Every little baby that's ever been born
Been spanked and made to cry
Every young woman that's ever been loved
Been shaken and made to sigh
Every young woman that's ever been loved
Has told, told me true
Take his heart and run away as he would do to you
- "Better to Find Out for Yourself"

Illuminations is the sixth album by Buffy Sainte-Marie, released in December 1969.

Considered her most experimental record, It was one of the first music albums with vocals processed through a Buchla 100 synthesizer as well as the first recorded using quadraphonic technology, an early precursor to surround-sound. With the exception of a lead guitar on one track and a rhythm section employed on three of the last four selections, the music is entirely synthesized from Buffy’s voice and guitar, producing a wholly unique sound that has been considered a precursor to everything from gothic rock to electronic music.



  1. "God is Alive, Magic is Afoot" (4:51)
  2. "Mary" (1:30)
  3. "Better to Find Out for Yourself" (2:12)
  4. "The Vampire" (2:05)
  5. "Adam" (5:05)
  6. "The Dream Tree" (2:34)
  7. "Suffer the Little Children" (2:53)
  8. "The Angel" (3:41)
  9. "With You, Honey" (1:48)
  10. "Guess Who I Saw in Paris" (2:25)
  11. "He's a Keeper of the Fire" (3:21)
  12. "Poppies" (3:26)

Pretty tropes fall down on thee

  • Boarding School of Horrors: "Suffer the Little Children" applies this to the American education system.
  • Book Ends: The record begins and ends with Buffy's synthesizer altered voice singing "God is alive, magic is afoot".
  • Christianity: "Mary" is a song narrating the Nativity scene, whereas though "Adam" is a song describing Adam's fall from Eden.
    • The record in general seems to have an understated theme of Christian and Indigenous mysticism interspersed throughout the record.
  • Cover Version: An odd case, in where, the song "God is Alive, Magic is Afoot" is an adaptation of a mantra / poem in Leonard Cohen's book Beautiful Losers set to music.
  • Electronic Music: This record can be considered a forerunner to it with it's electroacoustic sound and heavy use of synthesizers.
  • Fading into the Next Song: "Guess Who I Saw in Paris" does this with "He's a Keeper of the Fire" after a brief synthesizer interlude that begins at the end of "Guess Who I Saw in Paris".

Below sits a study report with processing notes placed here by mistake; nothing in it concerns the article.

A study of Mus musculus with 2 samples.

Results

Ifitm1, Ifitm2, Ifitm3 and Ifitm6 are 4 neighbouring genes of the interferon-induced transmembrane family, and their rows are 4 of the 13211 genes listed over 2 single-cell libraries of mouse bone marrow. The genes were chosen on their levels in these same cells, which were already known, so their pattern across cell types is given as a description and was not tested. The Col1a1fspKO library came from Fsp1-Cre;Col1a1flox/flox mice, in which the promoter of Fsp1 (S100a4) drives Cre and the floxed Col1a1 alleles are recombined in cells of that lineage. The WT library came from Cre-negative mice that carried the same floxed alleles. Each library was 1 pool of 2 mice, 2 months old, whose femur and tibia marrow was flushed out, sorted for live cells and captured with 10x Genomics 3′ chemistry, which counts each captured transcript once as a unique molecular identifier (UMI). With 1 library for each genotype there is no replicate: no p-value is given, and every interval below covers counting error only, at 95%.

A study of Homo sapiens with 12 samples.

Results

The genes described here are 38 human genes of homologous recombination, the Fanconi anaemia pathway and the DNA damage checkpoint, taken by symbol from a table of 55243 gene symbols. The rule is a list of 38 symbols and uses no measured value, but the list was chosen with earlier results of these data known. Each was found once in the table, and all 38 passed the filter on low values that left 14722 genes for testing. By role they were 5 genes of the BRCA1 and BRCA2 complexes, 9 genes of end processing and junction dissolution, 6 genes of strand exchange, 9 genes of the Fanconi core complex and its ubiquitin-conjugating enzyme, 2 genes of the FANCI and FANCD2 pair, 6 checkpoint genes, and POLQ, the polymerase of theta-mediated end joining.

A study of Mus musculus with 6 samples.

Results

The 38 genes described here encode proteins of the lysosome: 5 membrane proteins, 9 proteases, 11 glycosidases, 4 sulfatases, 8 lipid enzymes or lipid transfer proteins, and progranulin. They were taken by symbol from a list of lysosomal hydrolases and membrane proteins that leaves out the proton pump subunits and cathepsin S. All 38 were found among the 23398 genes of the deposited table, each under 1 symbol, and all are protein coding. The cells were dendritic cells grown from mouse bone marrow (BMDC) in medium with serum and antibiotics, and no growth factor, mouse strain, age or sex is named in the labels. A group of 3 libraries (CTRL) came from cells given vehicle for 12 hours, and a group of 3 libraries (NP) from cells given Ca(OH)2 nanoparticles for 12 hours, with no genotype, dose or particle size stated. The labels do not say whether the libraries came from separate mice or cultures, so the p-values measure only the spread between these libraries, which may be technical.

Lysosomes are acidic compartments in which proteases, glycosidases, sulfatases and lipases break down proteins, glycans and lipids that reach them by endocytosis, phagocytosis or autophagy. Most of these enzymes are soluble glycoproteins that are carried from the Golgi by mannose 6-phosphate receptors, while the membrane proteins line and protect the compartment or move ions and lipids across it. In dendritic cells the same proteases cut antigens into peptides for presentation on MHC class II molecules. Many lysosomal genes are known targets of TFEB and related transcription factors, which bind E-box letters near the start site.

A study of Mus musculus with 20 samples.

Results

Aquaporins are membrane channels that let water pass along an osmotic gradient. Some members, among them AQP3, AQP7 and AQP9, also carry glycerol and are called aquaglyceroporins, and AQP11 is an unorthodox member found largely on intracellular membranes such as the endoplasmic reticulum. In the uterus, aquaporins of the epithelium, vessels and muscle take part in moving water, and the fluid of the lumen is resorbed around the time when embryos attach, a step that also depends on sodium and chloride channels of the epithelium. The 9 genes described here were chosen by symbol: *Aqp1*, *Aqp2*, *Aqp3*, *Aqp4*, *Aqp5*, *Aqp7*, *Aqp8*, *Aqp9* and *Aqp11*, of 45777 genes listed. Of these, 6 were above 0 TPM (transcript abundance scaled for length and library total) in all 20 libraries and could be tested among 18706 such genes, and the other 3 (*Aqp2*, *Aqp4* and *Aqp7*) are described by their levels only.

• "Poppies" does this also, tying back to the very first track "God is Alive, Magic is Afoot".
  • Gothic Horror: "The Vampire", obviously.
  • Goth Rock: The album's spectral soundscapes and phantasmagoric subject matter have made many a critic cite this record as a precursor of sorts.
  • Grief Song: "The Dream Tree" is this combined with Wise Tree, with a woman bemoaning her lover's absence, while the tree showers her in dreams of their reconciliation.
  • Miniscule Rocking: "Mary" and "With You, Honey" barely breach the two minute mark.
  • New Sound Album: This record deviated heavily from her previous releases and even from folk music at times.
  • One-Woman Wail: Well, it is Buffy's signature style of singing.
  • Protest Song: "Suffer the Little Children" is a song which protests modern American teaching institutions. Condemning it as a system train children into following orders and preparing them solely for the workforce and to partake in global capitalism, characterized as the devil in the song:
  • Surprisingly Gentle Song: With all the eerie synths, hard rocking tracks and darkly mystical lyrics on the record. "Guess Who I Saw in Paris"'s simple folk arrangement and description of meeting a lover in The City of Light is basically this in comparison to the rest of the record.
  • Self-Empowerment Anthem: "Better to Find Out for Yourself" is this, with Buffy telling you to find your own way in life, after contrasting explaining her own experiences with things she was told that were harsh truths she had to accept.
  • Silly Love Songs: Songs like "Guess Who I Saw in Paris" play this trope straight. However, songs like "The Angel", "With You, Honey" and "He's a Keeper of the Fire" add a esoteric bent to them.